IEEE Transactions on Transportation Electrification, DOI: 10.1109/TTE.2023.3252169.

Techno-Economic Framework for Electric Vehicle Battery Swapping Stations


M. O. Tarar1, N. U. Hassan1, I. H. Naqvi1 and Michael Pecht2
1Department of Electrical Engineering, Lahore University of Management Sciences (LUMS), Lahore, Pakistan
2Center for Advanced Life Cycle Engineering, University of Maryland, College Park, MD 20742, USA

For more information about this article and related research, please contact Prof. Michael G. Pecht

Abstract:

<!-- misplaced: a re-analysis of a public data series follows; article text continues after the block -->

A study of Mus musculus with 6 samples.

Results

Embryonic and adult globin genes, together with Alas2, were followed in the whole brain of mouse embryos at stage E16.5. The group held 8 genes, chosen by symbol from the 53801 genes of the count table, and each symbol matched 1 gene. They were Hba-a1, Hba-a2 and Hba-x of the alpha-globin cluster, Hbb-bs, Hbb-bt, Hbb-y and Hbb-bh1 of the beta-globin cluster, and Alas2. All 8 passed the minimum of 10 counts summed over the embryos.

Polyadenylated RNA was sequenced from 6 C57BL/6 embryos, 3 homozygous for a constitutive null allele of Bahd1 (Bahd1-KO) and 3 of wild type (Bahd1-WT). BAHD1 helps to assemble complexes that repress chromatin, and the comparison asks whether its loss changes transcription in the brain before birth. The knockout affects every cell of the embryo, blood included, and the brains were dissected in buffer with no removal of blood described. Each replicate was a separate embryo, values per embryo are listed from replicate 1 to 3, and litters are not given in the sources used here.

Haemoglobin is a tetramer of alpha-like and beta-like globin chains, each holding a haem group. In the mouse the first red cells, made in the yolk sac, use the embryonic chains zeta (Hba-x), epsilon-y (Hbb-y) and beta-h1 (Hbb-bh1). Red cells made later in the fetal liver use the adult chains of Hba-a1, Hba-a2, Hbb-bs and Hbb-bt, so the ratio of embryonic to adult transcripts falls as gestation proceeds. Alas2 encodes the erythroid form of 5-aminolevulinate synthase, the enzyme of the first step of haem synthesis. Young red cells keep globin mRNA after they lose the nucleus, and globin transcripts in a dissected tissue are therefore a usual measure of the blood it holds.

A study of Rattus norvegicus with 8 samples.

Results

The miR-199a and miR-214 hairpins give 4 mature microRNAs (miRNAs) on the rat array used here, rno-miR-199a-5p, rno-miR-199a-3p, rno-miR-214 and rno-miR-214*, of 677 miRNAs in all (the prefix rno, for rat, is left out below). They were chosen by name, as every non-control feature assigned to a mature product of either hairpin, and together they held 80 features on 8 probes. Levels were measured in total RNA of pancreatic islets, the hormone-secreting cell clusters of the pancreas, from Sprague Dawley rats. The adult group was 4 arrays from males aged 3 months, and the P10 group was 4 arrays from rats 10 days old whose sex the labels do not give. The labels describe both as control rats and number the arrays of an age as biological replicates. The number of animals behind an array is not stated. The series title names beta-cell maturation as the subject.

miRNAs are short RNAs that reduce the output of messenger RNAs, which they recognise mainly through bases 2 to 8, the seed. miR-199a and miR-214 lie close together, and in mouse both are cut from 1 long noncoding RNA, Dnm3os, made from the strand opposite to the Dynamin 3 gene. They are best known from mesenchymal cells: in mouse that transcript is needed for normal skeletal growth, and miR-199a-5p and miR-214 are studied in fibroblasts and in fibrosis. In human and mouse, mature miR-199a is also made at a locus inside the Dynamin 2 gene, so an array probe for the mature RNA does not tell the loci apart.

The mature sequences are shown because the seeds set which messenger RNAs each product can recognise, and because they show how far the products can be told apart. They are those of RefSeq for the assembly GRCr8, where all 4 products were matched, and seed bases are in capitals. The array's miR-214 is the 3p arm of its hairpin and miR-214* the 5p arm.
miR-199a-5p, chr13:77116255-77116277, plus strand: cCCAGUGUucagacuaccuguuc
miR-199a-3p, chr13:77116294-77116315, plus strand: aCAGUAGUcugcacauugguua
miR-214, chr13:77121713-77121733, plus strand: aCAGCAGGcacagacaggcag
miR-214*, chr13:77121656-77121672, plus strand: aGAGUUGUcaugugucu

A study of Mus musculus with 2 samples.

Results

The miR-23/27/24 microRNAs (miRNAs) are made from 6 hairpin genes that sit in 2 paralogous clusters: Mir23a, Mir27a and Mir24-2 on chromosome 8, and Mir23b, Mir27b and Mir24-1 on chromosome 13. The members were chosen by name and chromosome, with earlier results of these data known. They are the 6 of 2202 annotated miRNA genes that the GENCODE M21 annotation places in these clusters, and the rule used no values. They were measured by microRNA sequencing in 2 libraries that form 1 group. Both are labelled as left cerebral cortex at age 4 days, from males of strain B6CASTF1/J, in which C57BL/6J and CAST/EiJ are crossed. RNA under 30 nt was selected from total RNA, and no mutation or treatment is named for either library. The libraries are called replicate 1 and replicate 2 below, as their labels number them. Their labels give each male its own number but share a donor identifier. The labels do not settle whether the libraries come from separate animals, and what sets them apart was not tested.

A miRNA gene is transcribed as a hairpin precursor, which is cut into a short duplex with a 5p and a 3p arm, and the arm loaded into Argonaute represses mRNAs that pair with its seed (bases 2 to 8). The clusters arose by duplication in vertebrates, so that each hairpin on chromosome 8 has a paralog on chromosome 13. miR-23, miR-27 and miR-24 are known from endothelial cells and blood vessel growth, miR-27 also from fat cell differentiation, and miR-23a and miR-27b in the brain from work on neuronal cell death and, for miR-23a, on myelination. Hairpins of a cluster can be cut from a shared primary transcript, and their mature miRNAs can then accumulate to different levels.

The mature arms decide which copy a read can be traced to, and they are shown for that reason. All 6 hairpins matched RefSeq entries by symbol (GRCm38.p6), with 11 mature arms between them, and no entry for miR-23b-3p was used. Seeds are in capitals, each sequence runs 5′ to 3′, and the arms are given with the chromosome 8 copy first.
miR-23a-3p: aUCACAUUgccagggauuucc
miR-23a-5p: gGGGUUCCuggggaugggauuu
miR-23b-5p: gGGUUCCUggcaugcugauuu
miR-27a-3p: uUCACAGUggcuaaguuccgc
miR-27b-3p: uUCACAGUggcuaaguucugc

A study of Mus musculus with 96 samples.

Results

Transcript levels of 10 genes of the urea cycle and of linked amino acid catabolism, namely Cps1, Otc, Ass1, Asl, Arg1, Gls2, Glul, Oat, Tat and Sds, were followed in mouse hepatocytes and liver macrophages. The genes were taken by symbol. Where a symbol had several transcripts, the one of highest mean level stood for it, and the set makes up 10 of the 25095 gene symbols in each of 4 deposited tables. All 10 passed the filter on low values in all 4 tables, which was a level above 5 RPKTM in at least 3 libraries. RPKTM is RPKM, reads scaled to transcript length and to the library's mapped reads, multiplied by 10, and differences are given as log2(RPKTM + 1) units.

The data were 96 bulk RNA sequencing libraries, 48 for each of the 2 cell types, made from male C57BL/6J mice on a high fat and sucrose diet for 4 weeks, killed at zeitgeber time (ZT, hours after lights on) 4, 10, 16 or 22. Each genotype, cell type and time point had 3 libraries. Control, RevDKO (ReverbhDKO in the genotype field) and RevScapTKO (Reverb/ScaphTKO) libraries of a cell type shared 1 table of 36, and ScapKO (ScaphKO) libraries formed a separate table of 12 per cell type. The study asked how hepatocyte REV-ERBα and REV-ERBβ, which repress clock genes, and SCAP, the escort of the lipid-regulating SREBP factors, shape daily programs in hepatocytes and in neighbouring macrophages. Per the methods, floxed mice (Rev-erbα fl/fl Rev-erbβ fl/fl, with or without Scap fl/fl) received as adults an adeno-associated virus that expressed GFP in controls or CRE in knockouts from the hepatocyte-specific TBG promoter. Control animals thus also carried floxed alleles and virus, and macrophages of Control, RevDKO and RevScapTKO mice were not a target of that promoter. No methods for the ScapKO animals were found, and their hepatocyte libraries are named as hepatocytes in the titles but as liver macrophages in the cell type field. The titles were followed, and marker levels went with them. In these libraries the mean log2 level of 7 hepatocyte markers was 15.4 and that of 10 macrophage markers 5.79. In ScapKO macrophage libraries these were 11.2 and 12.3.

Electric vehicle (EV) battery swapping stations (BSWS) are an important aid in rapid transport electrification, especially in developing countries where per capita income is low and expensive battery prices discourage EV penetration. Consequently, a BSWS model, where the BSWS owns the battery, can help in EV penetration and rapid transport electrification. This paper presents a new EV BSWS model to obtain a suitable trade-off between swapping time and the quality of battery health indicators. The state of charge (SOC), battery abuse, and battery degradation are measured/estimated online, while the state of health (SOH) is determined offline. The cost of the swapping cycle is determined by considering multiple cost components and penalties. The modeling approach not only enables determining a fair and affordable price for each swapping cycle for EVs but also helps to keep a check on the battery’s SOH and remaining useful life (RUL) during swapping without significantly increasing the battery swapping times compared to the average refueling time of internal combustion engine (ICE) vehicles. The swapping cost of the BSWS model is also compared with home and commercial charging station (HCS & CCS) models under different assumptions. The analysis suggests that the battery can be swapped in 6 minutes for light vehicles, comparable to the complete tank refueling of ICE vehicles. Moreover, with appropriate consideration of electric vehicle opportunity profit (EVOP), the BSWS remains feasible compared to HCS and CCS even at a high-profit margin of 750%. Also, battery degradation is considered using the economic model’s degradation cost component, and its link with different SOC strategies is explored. Again, results suggest that SOC strategies can be a helpful way for BSWS to maximize battery life and increase its profits. Moreover, considering EVOP along with battery degradation and SOC strategies further highlights the feasibility of BSWS.